Ukraine's Amnesty Law Comes into Force
An Amnesty Law for anti-government protesters in Ukraine has come into force from Monday.
The move has been announced by the General Prosecutor's office after the protesters' retreat from government buildings across Ukraine.
On its website, the Prosecutor's office has declared that the demonstrators have delivered on the provisions required for the law to come in force.
The new amnesty rules state that the perpetrators arrested during mass demonstrations between December 27 and February 2, 2014 are to be freed of all charges and proceedings and discharged of detainment.
All 243 people who have been put behind bars during the unrest were freed by the authorities on Friday.
The EU has welcomed the law coming into force. However, its High Representative on Foreign Affairs and Security Catherine Ashton announced that amnesty should be extended to all of the participants in Kiev's recent riots. This would facilitate the upcoming parliamentary dialogue this week, as she was quoted as saying.
This view coincides with the demands of some protesters, who disagree with the end of the occupation.
According to reports by the BBC, anti-government activists have also removed parts of the barricades on a street in the centre of Kiev. The protests, however, seem to be far from over, as a huge makeshift camp can still be seen on a central square in the capital.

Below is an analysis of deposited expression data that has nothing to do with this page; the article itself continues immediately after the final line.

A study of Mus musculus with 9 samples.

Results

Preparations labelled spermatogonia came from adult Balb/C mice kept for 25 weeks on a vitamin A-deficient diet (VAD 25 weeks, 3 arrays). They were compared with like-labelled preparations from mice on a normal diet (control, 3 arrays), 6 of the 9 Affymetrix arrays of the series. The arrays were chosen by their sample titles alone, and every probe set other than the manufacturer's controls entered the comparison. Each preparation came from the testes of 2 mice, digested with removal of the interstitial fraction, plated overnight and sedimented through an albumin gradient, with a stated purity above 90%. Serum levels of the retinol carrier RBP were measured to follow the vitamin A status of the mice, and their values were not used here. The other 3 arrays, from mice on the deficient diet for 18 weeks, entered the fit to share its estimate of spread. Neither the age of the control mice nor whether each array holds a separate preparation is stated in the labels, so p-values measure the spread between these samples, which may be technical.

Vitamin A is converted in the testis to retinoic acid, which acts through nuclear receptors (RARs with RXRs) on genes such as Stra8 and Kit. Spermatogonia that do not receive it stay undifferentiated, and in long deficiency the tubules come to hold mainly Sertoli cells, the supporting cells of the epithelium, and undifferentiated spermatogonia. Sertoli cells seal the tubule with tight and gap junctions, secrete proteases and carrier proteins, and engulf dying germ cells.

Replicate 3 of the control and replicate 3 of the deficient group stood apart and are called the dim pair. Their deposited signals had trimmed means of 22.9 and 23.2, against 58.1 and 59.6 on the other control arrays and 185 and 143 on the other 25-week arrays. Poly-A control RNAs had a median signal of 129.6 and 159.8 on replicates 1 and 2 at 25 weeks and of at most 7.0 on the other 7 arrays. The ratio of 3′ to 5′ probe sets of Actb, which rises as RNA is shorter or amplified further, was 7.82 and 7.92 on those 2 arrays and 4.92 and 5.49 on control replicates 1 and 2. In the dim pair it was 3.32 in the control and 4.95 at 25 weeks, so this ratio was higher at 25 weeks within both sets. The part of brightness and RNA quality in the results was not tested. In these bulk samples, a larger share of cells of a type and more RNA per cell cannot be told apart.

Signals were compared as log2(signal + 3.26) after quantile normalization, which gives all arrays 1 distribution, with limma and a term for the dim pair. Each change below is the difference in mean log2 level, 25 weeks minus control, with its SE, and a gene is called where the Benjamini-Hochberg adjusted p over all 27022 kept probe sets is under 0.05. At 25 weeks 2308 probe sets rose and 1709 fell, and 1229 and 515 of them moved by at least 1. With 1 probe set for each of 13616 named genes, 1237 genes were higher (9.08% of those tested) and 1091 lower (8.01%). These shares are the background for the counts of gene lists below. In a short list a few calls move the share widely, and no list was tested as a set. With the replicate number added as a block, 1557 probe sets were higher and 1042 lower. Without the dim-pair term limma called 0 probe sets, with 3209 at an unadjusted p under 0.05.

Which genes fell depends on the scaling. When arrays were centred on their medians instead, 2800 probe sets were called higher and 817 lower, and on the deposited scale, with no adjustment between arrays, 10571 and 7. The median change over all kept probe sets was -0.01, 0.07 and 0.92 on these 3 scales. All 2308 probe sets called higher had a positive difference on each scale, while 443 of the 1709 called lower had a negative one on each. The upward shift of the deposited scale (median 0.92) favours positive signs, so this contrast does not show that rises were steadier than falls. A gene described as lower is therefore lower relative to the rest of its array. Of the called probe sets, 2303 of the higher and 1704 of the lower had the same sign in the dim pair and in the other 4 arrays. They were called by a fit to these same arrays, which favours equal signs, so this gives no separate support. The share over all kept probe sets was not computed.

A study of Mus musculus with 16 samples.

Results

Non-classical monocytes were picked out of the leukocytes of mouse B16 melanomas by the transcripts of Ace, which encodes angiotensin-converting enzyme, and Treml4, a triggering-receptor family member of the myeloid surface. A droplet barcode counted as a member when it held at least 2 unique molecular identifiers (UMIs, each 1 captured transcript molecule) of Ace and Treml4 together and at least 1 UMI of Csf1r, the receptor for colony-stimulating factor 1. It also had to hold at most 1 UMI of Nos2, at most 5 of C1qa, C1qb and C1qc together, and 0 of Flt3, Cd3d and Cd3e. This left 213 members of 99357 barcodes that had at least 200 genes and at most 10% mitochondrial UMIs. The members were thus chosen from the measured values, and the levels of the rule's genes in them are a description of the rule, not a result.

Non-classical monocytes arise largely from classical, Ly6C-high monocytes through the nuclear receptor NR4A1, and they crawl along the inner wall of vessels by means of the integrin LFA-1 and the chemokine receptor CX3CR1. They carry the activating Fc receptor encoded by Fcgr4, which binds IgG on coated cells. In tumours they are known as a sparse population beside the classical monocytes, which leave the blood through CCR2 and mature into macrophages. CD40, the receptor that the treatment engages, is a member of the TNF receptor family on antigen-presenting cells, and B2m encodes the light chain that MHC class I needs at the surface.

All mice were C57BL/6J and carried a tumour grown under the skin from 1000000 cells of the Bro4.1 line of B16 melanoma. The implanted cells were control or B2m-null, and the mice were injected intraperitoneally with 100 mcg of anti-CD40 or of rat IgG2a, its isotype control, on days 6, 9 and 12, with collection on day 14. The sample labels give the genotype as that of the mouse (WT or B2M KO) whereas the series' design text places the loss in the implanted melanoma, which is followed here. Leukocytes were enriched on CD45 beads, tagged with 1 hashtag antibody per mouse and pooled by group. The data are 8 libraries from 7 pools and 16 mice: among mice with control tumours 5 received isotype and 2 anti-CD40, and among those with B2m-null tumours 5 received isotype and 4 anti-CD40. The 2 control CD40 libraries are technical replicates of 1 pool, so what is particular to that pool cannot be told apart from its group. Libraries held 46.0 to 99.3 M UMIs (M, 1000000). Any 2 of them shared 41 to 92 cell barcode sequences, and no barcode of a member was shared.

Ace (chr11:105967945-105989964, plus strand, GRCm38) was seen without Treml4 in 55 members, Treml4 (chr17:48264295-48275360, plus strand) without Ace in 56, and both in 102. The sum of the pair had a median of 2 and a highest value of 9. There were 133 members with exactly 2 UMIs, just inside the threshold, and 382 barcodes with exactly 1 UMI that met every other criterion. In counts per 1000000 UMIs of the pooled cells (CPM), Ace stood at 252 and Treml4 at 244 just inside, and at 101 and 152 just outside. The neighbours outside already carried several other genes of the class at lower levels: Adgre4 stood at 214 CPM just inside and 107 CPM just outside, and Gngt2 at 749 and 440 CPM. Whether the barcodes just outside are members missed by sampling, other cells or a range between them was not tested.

Ukraine has been shaken by protests since mid-November 2013, when the government rejected an Association Agreement with the EU in favour of stronger ties with Moscow. Russian president Vladimir Putin has since promised a USD 15 B worth of loans for Ukraine.
A new set of talks on the crisis is expected this week, as MPs meet in parliament to discuss the political future of the country. Opposition deputies have announced they will try to pass legislation to return the 2004 constitution of Ukraine back into force. This could limit the President's powers and introduce early elections for head of state this year.